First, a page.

Formerly NewVantage Partners, now part of Wavestone, has published the results of its 11th annual Data and Analytics Leadership Executive Survey of Fortune 1000 and industry leading Chief Data Officers (CDO), Chief Data & Analytics Officers (CDAO), and senior corporate data and business leaders. The theme of the 2023 data leadership survey is Delivering Business Value from Data and Analytics Investments.
Participants in the 2023 Data and Analytics Leadership survey comprised data executives who served in CDO, CDAO, and other executive data leadership positions at 116 Fortune 1000 companies or organizations during 2022, up 22% over last year’s survey, the highest level of participation in the survey since its inception in 2012. Of this year’s survey participants, 84.6% held the role of Chief Data Officer, Chief Data & Analytics Officer, or the most senior data leadership title within their organization, up 10% from last year and up nearly 20% over five years.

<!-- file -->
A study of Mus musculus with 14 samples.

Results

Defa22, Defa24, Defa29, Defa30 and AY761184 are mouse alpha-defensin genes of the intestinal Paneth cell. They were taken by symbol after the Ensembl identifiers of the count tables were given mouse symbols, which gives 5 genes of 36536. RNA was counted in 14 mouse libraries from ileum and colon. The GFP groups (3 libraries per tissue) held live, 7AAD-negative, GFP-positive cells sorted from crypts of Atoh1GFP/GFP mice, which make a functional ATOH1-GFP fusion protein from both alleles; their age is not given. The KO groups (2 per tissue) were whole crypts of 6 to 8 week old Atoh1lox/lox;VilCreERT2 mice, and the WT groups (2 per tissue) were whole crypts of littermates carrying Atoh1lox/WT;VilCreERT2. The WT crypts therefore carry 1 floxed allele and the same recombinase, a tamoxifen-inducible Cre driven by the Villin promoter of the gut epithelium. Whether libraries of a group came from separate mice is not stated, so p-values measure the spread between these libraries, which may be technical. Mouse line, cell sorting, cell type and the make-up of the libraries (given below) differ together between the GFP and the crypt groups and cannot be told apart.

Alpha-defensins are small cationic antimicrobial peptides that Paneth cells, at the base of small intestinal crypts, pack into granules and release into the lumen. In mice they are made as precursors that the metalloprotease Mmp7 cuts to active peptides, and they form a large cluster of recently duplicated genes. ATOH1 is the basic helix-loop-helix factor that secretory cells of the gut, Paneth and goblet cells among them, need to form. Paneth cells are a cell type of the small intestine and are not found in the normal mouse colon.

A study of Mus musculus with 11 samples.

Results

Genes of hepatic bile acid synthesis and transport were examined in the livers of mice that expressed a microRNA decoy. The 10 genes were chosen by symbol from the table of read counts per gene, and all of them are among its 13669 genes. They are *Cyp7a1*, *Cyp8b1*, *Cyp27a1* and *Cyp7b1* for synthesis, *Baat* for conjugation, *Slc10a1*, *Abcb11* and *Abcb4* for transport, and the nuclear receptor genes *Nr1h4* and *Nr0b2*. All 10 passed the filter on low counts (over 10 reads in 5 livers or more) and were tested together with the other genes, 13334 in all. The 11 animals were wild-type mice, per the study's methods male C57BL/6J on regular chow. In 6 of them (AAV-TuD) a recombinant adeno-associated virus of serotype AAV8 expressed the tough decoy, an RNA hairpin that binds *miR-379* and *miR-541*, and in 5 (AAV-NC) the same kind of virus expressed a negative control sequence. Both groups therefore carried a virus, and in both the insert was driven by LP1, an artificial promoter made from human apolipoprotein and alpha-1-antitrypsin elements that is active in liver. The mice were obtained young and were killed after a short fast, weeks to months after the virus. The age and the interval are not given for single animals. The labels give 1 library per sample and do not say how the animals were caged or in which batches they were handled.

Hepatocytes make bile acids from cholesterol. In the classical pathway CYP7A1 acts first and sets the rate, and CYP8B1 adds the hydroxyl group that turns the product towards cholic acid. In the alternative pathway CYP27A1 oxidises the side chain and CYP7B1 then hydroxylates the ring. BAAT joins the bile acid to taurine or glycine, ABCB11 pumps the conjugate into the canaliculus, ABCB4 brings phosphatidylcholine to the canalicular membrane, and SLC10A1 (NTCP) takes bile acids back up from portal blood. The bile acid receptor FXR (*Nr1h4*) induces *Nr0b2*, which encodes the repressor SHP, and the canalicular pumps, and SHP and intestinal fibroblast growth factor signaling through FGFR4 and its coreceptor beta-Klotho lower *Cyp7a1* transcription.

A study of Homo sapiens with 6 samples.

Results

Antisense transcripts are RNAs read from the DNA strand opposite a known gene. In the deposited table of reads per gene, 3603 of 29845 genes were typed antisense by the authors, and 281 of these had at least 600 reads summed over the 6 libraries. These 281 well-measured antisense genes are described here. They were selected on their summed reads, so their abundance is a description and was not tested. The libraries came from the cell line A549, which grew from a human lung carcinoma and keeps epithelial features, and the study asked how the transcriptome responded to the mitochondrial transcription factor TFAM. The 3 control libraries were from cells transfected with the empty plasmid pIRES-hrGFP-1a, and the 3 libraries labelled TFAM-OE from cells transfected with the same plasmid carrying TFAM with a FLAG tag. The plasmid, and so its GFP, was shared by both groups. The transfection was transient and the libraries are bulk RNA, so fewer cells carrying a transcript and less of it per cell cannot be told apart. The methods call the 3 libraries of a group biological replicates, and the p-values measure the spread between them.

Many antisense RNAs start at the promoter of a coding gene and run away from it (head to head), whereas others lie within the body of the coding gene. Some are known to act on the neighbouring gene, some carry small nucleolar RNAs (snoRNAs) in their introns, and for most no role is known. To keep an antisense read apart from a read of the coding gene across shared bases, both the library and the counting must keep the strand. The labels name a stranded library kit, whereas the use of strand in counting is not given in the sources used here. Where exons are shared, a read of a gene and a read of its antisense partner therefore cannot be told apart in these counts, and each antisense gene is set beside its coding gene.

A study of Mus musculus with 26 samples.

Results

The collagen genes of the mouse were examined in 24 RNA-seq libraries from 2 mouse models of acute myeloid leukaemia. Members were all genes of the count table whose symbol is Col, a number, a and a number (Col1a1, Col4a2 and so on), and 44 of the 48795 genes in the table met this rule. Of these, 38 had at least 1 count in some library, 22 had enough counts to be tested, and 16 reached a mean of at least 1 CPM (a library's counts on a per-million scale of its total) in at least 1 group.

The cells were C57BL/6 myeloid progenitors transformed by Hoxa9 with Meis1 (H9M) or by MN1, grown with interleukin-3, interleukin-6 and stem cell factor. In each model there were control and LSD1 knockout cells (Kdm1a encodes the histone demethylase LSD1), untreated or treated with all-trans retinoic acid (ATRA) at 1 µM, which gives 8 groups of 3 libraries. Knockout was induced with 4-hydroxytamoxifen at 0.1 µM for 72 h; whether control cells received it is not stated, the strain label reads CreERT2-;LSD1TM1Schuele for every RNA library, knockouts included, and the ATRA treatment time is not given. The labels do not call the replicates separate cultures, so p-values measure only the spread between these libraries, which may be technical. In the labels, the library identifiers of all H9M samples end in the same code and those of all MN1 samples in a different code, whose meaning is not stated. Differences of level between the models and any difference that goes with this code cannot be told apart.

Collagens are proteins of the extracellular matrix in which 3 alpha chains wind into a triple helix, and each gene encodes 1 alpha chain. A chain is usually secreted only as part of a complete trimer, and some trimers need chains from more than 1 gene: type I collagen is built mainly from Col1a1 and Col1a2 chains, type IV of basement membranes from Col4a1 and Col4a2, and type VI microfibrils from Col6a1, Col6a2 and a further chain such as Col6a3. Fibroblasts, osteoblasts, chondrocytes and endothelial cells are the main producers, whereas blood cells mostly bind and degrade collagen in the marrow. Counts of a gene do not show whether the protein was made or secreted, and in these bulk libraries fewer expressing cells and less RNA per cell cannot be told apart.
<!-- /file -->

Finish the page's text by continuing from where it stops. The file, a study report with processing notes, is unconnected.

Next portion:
In the Foreword to this year’s survey, Randy Bean, Innovation Fellow at Wavestone and Founder of NewVantage Partners, and Thomas H. Davenport, author of the landmark study Competing on Analytics, write “The 11th survey in this series contains much evidence of data’s rise in importance within large corporations. Some of this change has taken place amazingly rapidly. The Chief Data Officer role has quickly become much more common over time and across more industries. But these rapid changes in the importance of data stand in contrast to lack of progress—even regression in some cases—in other areas. The human side of data continues to challenge companies, and data leaders and the organizations that they serve appear reluctant to change their paradigms.”
Key findings of the 2023 Data and Analytics Leadership Executive Survey are:
- The CDO/CDAO role is evolving and maturing as organizations strive to deliver business value from their data investments.
- Yet a lack of clear expectations contributes to dissatisfaction and turnover in the CDO/CDAO position.
- Investments in data are growing and remain strong.
- Becoming data-driven and building a data culture remain aspirational objectives.
- Cultural factors continue to be the greatest obstacle to achieving business value.
- Companies continue to fall short in attention to data ethics.